Let’s start today’s article with a quick story 🙂
When I got into the real estate industry in 2013, I met one of the most interesting people I had ever met till that point in my life. His name is Amir, and he is a real estate agent in Bangalore.
I first spoke to him over the phone and fixed an appointment to meet him at his office. Little did I realize that his office was nothing by the local tea shop near his house 🙂 I learned that Amir did not have a real estate agent license because, well, you don’t need a license to be an agent in India. He spent 2 hrs every day posting FAKE listings on all the property portals to generate leads using the old ‘bait and switch’ tactic. There is no equivalent of Multiple Listings Services (or MLS) in India, so property portals are filled with incorrect data about properties (which often don’t exist in real life). All of the data about who properties were available for sale or rent was promptly noted down on his diary, which he religiously carried around with him everywhere he went and never shared with anyone.
His mode of running his business was chaotic, unstructured and had limited touch points with technology. But that didn’t seem to affect his income, as Amir made as much money every month as a highly trained software engineer in the city!
While Amir was an agent, there are multitudes of similar businesses who operate in a similar way – Property managers, paying guest operators, small time real estate developers, and many more.
And while Amir is in India, real estate businesses work in a very similar fashion in countries like Brazil, South Africa, Indonesia, Egypt, and many others.
Selling software to the real estate industry in emerging economies is really different from selling it to developed economies.
And that is going to be the focal point of my write up today – Selling PropTech in Emerging Economies.
For context, TheHouseMonk has active clients in over 15 countries and many of them are in emerging economies. My learnings are a summary of our iterated attempts to find product market fit in different parts of the world 🙂
5 important points to keep in mind –
1) Build mobile first solutions
Most users in emerging markets have gone from having NO computing device – Directly into having a smart phone in their pockets. They have completely skipped the desktop/laptop era of computing! These users are really comfortable with mobile apps, but struggle quite a bit with laptops, so having a browser or desktop based application might be difficult to drive mass adoption. Being a desktop based product does not normally work, so start with mobile focussed solutions.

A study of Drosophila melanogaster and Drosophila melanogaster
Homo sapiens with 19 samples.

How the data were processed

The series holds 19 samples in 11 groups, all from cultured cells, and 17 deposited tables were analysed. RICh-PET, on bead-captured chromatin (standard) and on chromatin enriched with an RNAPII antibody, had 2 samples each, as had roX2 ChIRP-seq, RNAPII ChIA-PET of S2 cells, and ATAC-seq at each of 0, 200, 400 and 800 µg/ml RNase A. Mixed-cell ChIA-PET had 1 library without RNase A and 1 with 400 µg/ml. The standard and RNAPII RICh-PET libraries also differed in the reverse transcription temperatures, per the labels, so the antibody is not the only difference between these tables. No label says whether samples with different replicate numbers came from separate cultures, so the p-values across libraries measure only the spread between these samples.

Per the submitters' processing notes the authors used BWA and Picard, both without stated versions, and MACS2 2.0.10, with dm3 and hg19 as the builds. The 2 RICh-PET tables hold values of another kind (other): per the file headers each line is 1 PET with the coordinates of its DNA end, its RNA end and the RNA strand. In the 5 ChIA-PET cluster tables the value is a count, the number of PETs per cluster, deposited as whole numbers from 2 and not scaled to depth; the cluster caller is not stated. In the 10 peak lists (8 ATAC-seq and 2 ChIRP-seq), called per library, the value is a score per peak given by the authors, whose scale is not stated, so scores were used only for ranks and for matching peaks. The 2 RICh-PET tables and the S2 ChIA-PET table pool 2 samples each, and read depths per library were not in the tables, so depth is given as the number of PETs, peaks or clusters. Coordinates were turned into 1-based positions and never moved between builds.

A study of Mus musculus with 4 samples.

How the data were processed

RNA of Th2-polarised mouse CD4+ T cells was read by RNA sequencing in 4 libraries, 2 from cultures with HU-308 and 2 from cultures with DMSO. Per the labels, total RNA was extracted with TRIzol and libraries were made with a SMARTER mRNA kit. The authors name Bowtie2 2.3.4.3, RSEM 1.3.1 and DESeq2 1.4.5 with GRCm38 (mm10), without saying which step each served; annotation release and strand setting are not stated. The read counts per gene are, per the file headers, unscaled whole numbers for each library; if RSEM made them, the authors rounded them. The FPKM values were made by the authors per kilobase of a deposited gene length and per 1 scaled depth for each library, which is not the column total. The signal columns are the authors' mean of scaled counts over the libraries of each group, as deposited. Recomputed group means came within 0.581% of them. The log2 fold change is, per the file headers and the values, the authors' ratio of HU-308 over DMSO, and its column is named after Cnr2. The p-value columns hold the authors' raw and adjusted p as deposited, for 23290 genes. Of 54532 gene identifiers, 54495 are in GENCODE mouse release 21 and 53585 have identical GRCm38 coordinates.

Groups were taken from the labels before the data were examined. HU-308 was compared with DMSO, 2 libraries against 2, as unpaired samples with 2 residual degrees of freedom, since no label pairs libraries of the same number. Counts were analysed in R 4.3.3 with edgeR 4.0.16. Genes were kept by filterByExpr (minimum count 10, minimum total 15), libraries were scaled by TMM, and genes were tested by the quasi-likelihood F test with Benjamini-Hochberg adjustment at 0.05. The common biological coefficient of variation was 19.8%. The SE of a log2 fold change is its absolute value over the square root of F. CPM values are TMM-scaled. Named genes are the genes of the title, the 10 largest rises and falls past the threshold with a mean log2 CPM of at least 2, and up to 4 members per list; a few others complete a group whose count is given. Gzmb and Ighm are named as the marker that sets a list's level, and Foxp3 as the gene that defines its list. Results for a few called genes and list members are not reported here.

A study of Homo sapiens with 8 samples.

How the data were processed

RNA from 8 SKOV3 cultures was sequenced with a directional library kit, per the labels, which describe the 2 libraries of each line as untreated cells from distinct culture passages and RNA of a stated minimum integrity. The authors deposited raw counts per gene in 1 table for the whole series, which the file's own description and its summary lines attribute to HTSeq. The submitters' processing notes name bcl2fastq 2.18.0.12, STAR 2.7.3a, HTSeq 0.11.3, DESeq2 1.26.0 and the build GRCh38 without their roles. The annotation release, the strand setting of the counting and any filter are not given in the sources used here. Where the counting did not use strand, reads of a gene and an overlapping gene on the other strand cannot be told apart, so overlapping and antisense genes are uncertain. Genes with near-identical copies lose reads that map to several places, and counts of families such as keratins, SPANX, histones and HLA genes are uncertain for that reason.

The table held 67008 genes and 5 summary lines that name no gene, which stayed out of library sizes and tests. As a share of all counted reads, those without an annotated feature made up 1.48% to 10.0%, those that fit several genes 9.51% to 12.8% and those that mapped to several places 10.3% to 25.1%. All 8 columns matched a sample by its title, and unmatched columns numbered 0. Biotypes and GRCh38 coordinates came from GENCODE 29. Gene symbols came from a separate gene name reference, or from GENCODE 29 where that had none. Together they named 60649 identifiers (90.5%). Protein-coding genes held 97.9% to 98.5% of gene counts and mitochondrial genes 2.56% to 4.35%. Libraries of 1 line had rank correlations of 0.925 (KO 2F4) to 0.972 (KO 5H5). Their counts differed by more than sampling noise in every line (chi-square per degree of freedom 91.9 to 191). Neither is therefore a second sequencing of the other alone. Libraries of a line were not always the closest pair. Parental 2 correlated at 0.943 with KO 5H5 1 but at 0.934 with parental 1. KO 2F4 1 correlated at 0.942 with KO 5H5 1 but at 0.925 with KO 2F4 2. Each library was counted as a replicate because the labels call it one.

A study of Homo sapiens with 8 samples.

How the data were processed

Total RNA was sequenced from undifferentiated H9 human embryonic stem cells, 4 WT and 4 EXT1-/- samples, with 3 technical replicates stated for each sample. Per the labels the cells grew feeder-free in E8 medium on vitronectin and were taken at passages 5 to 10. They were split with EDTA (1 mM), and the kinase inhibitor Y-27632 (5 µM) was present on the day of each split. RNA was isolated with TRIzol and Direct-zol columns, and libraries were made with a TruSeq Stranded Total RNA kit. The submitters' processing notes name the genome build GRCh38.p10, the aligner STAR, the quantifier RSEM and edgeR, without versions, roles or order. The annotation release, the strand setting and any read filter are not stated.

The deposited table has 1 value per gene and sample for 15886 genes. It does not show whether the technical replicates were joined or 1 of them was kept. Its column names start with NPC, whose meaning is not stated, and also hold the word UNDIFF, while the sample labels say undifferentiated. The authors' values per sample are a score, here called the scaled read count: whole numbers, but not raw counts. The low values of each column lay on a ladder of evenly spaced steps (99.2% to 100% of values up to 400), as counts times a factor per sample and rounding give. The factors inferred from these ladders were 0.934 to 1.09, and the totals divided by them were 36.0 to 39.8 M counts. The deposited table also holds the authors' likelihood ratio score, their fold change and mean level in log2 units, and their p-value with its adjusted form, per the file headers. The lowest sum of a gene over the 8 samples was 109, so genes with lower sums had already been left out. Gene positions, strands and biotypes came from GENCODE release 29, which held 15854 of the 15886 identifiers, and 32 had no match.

2) Integrated solutions are better than niche apps
In developed countries, I have often noticed that consumers prefer to use multiple apps with clearly defined use cases for each app. In emerging economies, companies prefer an integrated software platform over buying unbundled software. In markets where software adoption is in its infancy, buyers don’t want to talk to multiple vendors – They want to buy everything from 1 company. So you need to make sure you have enough features when going to market.
3) Features vs UX is not a debate. You need both
Most product managers always fight on what’s important – Having a great UX or packing your product with features. Let me settle that debate – You need both, and it’s non negotiable 🙂
Remember the earlier point I mentioned about integrated software? You need to have those features to attract and bring the customer to you, but a great UX is non-negotiable as you would otherwise lose the customers you have signed after deployment.
4) Relationships are extremely important
I have noticed that in the US, typically the best product wins irrespective of the relationship between vendor and customer, but this is not the case in emerging markets. Most buyers are not used to ‘self onboarding’ themselves onto software products, and need to speak to (And possibly meet) a sales rep before they buy. It is super important that you train your sales team to speak the local language, and build a relationship with the customers.
It is always good to set up a subsidiary in these local markets to sell to these customers. Establishing partnerships with local businesses who resell your products is another great way to build your presence.
5) Subscription is better than licensing/1-time fee, transaction fee is better than subscription
Pricing is always a challenge, in any part of the world, but in emerging markets, it is trickier. Access to capital is a big problem for most businesses, so getting anyone to pay an upfront fee for, say licensing, is a tough ask. It is always better to go with a subscription fee over licensing.
Ex. If you are an IOT company which provides smart locks, and are looking to sell your products to hotels, it would be better if you charged a monthly fee to them for having provided the locks, vs charging a big 1-time fee upfront.
If you can charge customers once a transaction has happened, that’s even better!
Ex. If you are a marketplace, instead of charging brokers to list their property – see if you can charge a fee every time they get a lead, or every time they get a confirmed booking through your service.
A broader point to keep in mind is that most of these countries and companies are using software or technology for the very first time, so they need extra hand holding and deeper sales cycles to help them adopt technology, and make them truly understand the value that can be delivered.
You might have noticed that selling technology in emerging markets is a lot harder than selling in developed countries, and you might be wondering – Is it even worth it?